The American Plastics Council and the Canadian Plastics Industry Association have announced a formal alliance that will have them share key information and work more closely on public policy. Officials at both trade groups said the agreement is not likely to dramatically change how they operate and said it really just formalizes cooperation between the organizations.
"What is happening is that environmental health and safety issues transcend borders, and it is important that the industry not only in a country but on a global basis respond to these attacks," said CPIA President Pierre Dubois. "If the industry is not well coordinated, sometimes you can send the wrong message."
Both groups said they are open to discussing broadening the agreement to include the Washington-based Society of the Plastics Industry Inc. The agreement was officially signed in September but the groups held off announcing it until Feb. 18 because they did not want to "muddy the waters" while SPI was looking for a new president, Dubois said.
APC and CPIA will work together on North American resin statistics, provide free access to each other's data and publications and establish a crisis response team, an idea that Mississauga, Ontario-based CPIA developed.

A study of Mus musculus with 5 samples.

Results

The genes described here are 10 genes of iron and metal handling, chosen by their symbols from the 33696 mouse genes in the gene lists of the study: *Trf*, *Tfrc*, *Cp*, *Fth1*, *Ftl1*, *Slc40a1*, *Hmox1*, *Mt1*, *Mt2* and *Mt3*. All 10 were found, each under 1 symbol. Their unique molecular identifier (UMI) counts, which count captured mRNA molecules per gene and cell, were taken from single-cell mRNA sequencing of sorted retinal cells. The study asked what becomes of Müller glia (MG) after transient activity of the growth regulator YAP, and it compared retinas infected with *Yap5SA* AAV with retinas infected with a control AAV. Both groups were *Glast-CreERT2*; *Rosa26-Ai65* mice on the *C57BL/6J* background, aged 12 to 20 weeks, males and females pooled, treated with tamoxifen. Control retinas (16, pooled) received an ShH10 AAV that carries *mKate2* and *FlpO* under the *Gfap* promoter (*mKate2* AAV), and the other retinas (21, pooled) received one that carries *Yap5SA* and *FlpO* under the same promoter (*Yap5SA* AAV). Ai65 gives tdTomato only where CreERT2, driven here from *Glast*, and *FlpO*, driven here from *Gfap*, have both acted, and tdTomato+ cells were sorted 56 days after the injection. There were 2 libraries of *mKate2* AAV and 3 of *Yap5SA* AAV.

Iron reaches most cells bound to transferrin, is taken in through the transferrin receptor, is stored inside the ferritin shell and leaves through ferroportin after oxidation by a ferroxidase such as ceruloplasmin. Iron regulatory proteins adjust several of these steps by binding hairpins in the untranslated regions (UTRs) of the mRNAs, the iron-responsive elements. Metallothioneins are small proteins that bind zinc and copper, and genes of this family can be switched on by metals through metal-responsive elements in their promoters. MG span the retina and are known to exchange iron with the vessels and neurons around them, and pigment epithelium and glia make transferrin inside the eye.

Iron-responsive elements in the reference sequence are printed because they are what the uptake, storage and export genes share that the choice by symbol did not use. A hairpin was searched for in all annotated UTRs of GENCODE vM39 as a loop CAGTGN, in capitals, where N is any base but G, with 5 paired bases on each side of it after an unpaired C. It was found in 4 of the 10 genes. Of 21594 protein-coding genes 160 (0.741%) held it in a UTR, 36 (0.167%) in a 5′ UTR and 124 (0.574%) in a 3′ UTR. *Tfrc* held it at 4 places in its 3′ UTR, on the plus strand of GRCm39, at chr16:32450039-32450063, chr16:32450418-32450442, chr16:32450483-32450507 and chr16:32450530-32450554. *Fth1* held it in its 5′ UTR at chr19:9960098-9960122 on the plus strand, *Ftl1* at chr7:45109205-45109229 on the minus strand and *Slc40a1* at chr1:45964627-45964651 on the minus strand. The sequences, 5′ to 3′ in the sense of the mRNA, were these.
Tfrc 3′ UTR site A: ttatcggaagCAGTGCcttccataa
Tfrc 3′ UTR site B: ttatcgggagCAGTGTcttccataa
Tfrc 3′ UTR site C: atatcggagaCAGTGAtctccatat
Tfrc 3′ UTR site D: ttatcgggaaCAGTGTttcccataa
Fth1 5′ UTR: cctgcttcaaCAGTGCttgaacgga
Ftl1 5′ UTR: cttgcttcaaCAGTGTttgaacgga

APC, in turn, shared a program it developed with the Society of Plastics Engineers to use when industry officials speak to the general public about plastics.
"This is an idea that is still sort of in its real early stages," said Jean Vallianos, manager of plastics industry statistics at APC. "I suspect long term we'll look to see areas of reporting where we could cooperate."
Ron Yocum, president of Arlington, Va.-based APC, said the crisis management group is only envisioned for major threats to the entire industry, and not resin-specific issues like phthalates, he said.
Dubois said he could see the agreement broadening to include trade, industry competitiveness or work force issues. CPIA has similar agreements with other plastics groups in Argentina, Brazil, Chile and France and is looking at other countries.
Yocum said he was not contemplating similar agreements with other parts of the world. Europe, for example, has different issues, he said.